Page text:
Uniformity in upbringing 

S: Where have you been all day, I called you hours ago.

A: I was out buying my little cousin’s school uniform, what a nightmare. No one had the right size, if they did, the color was all wrong, and when everything was right I found out that the price was far beyond the reach of my wallet. What is worse, I had to buy three sets to make sure he had a clean uniform every day, but I could only afford one.

S: Yeah, school uniforms are a pain, I walked into a family gathering the other day and all the aunties could talk about was uniforms and school fees. I think we should do away with them once and for all. I am not a fan of seeing children dressed in muted colors like identical pieces of furniture anyway.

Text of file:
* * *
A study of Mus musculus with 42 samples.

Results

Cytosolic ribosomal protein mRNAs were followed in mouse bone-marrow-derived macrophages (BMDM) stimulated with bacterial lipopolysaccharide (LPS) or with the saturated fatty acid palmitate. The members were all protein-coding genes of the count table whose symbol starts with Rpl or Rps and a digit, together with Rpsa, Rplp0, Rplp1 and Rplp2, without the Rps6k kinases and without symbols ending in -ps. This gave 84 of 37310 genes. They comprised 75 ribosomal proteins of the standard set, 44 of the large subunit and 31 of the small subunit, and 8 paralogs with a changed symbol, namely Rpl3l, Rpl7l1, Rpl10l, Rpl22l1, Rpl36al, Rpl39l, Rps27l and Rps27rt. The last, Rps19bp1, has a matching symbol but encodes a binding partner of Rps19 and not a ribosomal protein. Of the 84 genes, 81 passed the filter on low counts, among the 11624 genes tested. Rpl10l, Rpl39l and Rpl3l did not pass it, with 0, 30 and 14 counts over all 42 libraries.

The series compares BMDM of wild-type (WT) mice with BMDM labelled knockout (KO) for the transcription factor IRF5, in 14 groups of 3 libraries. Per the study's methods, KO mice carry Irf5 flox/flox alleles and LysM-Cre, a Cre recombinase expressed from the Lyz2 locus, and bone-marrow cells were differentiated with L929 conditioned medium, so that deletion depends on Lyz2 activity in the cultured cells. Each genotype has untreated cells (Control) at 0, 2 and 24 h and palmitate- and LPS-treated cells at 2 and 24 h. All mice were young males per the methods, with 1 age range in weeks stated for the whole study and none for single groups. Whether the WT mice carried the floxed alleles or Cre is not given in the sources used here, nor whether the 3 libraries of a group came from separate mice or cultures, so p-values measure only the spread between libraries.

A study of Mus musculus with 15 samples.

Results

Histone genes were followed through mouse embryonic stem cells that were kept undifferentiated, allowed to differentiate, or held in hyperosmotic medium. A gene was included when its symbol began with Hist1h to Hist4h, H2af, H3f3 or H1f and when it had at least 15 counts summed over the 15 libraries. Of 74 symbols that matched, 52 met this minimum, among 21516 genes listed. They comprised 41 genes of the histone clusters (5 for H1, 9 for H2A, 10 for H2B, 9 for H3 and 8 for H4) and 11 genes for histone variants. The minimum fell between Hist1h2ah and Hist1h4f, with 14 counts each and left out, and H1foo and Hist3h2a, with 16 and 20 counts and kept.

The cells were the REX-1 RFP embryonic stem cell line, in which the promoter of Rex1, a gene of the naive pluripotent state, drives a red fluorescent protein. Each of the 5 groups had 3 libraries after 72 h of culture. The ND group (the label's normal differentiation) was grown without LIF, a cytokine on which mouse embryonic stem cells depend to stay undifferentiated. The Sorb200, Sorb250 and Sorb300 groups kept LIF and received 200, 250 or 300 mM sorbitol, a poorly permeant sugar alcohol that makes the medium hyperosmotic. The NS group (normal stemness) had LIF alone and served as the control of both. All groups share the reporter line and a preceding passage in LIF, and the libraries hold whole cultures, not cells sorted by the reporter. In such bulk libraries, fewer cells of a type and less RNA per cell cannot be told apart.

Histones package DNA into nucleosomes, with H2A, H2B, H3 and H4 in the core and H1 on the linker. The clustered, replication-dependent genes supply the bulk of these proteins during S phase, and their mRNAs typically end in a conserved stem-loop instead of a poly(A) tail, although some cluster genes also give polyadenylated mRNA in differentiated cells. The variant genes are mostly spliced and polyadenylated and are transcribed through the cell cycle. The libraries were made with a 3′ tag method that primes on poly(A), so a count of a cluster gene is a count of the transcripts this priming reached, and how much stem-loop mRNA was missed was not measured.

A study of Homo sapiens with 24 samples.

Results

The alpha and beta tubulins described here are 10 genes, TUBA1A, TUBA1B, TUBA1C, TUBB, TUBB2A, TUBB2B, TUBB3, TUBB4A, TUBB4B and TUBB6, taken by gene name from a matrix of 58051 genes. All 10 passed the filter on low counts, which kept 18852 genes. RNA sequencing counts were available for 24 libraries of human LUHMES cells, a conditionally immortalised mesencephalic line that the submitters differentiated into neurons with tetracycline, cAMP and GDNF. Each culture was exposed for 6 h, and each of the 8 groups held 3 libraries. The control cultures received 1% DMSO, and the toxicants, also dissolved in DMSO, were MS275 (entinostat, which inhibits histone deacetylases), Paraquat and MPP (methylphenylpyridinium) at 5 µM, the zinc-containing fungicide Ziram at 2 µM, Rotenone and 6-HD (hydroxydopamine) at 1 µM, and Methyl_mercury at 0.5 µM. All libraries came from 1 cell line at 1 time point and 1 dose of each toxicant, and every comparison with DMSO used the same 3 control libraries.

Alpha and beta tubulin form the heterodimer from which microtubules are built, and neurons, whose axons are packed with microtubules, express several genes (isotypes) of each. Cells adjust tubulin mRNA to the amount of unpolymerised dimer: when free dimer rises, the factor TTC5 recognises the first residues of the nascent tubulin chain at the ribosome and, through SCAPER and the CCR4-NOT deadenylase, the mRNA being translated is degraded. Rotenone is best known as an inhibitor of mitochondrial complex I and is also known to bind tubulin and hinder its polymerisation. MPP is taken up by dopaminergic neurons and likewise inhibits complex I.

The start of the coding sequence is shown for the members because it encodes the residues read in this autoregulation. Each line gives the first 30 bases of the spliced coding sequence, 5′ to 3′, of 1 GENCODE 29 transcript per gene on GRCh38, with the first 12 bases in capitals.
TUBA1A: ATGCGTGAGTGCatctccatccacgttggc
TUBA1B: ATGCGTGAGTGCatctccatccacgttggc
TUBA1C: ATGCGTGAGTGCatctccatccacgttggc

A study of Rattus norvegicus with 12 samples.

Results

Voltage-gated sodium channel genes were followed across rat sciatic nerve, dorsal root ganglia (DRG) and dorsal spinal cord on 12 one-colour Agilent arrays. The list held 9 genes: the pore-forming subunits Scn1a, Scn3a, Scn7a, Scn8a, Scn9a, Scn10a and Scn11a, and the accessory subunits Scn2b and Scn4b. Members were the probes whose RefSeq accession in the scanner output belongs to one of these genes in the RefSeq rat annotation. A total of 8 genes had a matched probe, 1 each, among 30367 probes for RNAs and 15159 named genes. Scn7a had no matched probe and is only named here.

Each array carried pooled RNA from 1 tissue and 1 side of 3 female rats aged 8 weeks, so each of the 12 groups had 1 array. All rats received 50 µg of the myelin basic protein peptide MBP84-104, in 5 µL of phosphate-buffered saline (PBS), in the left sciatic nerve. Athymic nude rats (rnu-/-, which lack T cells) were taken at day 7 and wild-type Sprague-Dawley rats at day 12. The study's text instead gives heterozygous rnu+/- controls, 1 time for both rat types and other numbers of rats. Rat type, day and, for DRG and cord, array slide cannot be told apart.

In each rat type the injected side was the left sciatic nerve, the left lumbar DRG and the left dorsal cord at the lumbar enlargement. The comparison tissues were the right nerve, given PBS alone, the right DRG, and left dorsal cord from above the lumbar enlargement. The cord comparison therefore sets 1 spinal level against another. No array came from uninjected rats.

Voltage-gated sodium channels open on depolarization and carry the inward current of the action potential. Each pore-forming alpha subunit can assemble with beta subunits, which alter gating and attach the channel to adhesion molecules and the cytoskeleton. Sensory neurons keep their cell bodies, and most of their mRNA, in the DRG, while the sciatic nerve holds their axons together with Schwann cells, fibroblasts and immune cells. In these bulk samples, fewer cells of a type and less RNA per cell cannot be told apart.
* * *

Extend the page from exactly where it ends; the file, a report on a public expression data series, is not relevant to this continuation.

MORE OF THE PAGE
A: Do away with school uniforms? Are you crazy? They are the bedrock of primary education. Schools won’t be schools without uniforms. Uniforms instill discipline, they teach us how to dress formally and smartly, they instill in us a sense of unity and togetherness. These are important qualities, far more important than quadratic equations if you ask me.

S: These are school kids, not army cadets. Why do you want to turn them into monotonous robots? I say we allow kids to wear what they want, to express themselves. We should aim to make our school kids as diverse, deviant and creative as possible, unnecessary rules shuts all of that down. Let the class clown wear bright colors, let the artistic girl wear dark.

A: And define and label them as such? You know why I loved school so much, all of us were equal, we wore the same uniform, sat on the same chairs, and had the same lunch. Do away with uniforms and you create classes and clichés in an instant, everyone will know who is poor, who is conservative, who is fashionably confused. Deviance is good, classification is worse.